TOTM: Obinna Obike


Photo Courtesy of Obinna Obike

Obinna Obike strives to work hard and motivate his students to perform their best in the online classroom, providing a safe environment for everyone involved.

By Nur Yavuz, Features Editor

Solely from behind a computer screen, AP Computer Science Principles teacher Obinna Obike inspires, motivates and provides a safe, nurturing environment for his students. Obike’s first year of teaching at WCHS has been online-only, but he has already made an impact on many students despite not being in the physical classroom. 

Obike is in the process of obtaining his masters in computer science from Georgia Tech, all while managing a handful of AP classes. His passion for teaching, as well as being a student himself, makes it easier for both him and his students to relate to one another and feel comfortable in the classroom.

“Before I became a teacher I was working in the corporate world as an engineer, but I didn’t get that passion of helping people,” Obike said. “With engineering you don’t get to really see an impact, but when it comes to jobs that are nonprofit or part of the government, you can clearly see the impact of what you’re doing and the students you are impacting.”

Having reliable teachers that educate their students about a lot of life lessons is something very valuable – something that Obike knew from experience. 

“Looking back at my own time in the public school system, I had some pretty amazing teachers that really had an impact on the way that I thought and the way that I think now,” Obike said. “I want to translate that impact to the students that I am teaching, so that they have the ability to have teachers like I had in eighth grade who can have that impact on them, whether that be helping them out with their careers or helping them outside of school and giving them that motivation to do better.”

At Howard University in northern New Jersey, Obike had the chance to mentor students. His experience was a factor in his growing love for teaching. 

“It’s a part of a program where you implement a cultural curriculum that’s catered towards students,” Obike said. “It was very interesting that despite the fact that it was labeled a low performing or low income school, the students there were very quick witted and very intelligent and were really engaged and participating in the discussion, so that kind of got me interested in what it would be like to be a teacher. “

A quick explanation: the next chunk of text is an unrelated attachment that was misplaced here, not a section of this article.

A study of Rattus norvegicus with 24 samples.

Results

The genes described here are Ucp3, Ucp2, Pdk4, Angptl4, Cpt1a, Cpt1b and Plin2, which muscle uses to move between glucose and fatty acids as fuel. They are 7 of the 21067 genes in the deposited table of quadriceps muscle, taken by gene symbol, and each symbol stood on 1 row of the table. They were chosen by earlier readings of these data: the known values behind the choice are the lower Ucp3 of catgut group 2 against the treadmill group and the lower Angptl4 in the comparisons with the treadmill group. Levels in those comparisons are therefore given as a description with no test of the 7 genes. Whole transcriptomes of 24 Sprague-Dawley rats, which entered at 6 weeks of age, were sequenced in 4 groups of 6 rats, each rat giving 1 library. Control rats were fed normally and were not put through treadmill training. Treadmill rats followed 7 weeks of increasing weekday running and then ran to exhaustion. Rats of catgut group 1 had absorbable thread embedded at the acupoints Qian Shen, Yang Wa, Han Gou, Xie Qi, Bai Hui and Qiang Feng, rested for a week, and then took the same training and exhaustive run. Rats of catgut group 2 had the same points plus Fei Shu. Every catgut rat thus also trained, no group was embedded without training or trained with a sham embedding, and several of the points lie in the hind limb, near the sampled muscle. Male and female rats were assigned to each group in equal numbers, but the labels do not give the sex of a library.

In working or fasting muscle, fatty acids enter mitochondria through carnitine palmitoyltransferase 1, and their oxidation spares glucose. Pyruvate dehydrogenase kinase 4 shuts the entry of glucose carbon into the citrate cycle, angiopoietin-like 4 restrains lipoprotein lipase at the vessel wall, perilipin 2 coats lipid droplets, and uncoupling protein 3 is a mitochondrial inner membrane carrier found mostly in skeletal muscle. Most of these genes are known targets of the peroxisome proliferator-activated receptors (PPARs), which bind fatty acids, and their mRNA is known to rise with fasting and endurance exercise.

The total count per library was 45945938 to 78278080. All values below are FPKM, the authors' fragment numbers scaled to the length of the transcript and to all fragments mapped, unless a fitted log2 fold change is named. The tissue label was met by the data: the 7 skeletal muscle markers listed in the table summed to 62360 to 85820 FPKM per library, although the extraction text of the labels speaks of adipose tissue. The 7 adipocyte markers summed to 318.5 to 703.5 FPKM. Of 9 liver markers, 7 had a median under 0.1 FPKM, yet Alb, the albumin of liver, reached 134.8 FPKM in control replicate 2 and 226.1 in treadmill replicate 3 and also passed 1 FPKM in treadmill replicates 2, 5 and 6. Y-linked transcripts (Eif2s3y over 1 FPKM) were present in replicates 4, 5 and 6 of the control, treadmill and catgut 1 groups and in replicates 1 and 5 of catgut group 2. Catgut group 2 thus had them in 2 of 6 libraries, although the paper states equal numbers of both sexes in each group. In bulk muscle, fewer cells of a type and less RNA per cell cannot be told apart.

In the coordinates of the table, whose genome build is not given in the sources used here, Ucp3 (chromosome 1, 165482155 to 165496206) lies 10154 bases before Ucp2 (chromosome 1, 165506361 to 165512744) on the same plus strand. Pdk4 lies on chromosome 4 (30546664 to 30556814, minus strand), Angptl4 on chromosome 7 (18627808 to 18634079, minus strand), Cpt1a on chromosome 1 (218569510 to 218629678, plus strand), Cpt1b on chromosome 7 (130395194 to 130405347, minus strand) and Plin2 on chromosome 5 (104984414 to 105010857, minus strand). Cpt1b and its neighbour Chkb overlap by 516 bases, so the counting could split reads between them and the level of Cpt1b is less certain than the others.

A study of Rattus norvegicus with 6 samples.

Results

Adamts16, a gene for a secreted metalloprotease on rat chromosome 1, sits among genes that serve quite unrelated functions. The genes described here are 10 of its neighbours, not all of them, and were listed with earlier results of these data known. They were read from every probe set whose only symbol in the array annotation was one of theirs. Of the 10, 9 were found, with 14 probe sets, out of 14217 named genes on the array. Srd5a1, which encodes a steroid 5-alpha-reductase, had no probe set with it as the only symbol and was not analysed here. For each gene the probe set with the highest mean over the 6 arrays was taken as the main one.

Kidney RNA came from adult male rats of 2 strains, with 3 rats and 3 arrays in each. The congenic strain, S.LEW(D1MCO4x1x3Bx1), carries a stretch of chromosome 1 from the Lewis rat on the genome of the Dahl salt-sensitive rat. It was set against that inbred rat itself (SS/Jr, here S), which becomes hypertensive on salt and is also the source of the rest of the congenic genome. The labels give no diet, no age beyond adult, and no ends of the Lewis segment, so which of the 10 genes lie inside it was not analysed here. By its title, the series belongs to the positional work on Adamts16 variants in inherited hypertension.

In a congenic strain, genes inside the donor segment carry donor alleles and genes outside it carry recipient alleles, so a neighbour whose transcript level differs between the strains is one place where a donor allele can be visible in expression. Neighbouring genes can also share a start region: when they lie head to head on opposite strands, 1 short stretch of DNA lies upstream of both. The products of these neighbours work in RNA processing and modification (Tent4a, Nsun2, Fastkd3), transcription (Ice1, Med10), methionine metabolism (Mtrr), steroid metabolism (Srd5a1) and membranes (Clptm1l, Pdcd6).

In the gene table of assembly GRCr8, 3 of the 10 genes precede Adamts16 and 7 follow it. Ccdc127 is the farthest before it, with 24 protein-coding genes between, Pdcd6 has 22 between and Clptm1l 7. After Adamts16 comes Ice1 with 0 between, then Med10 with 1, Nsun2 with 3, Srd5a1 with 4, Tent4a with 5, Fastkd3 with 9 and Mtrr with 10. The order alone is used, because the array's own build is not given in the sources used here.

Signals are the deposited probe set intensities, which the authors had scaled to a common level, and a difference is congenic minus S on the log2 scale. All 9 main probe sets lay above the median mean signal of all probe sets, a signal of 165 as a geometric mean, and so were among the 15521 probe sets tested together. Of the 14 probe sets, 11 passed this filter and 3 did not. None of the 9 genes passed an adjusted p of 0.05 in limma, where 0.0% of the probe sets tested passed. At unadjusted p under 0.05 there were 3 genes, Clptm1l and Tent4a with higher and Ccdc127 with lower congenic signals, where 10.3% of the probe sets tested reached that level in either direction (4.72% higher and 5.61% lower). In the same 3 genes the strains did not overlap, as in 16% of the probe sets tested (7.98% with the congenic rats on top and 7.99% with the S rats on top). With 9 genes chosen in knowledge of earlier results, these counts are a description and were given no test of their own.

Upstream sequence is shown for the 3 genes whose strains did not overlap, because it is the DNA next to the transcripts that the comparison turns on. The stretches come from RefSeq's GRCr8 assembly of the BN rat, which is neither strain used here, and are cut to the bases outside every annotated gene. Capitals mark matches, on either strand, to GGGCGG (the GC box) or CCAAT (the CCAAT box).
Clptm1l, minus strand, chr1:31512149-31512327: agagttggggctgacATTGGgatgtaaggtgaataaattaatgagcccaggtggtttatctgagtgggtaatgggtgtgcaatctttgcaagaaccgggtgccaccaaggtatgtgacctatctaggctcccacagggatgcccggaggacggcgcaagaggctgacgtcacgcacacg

Becoming a teacher was a plan Obike sought to pursue later on in his life, but his commitment to the computer science field began early on in his childhood. The film “The Social Network” released in the year 2010 was a catalyst for his growing interest in technology.

“The Social Network came out around 2010. I was either in middle school or graduated from middle school,” Obike said. “That kind of got me interested in development and making money, building apps and building websites, entrepreneurship and what not.”

The parents and grandparents of today’s young adult generation are less experienced with technology, as it is just beginning to grow and spread across the globe. Not many people are familiar with how the internet works and how cell phones function.

“My parents don’t come from a technological or computer science background so i didn’t really have any mentorship in that field,” Obike said. “I was always really interested in the internet, and I think my parents got me my very first computer during elementary school. I would spend most of my time on the computer just researching and watching youtube.”

Obike strives to assist his students to become the best version of themselves, whether that be academically or personally. His personal experience with his eighth-grade teacher is one he wants his students to experience. 

“I feel important and included in class,” junior Skylar Yentis said. “It’s obvious that Mr. Obike cares a lot for his students, I have a lot of respect for him.”

Obike encourages good study skills and habits to become successful after graduation. He believes high school should be the basic preparation for marching into the real world. 

“One of the big issues I’ve noticed with education is that there’s a gap between what you learn in high school and what you are going to learn in college; I feel high school doesn’t necessarily prepare you for college, it’ll only help you to learn the study skills that are necessary to do well in college,” Obike said. “I think one piece of advice that I have to students is that if it’s possible, take a course either online or once you graduate that teaches you how to think critically and think deep; philosophy is a really good way to teach you how to think critically.”

Teachers are extremely important factors in the way students learn to behave and spread their knowledge as adults later in their lives. Education about how today’s society functions is just as important as any other class that is taught in school. 

“A lot of students just don’t see the point in what they are learning, or the motivation in why they should learn something,” Obike said. “My goal is to hopefully as a teacher inspire students to continue on in the field of computer science, or if they don’t at least they can look back at my class and say hey, I still remember what Mr. Obike taught me 10, 20 years down the line.”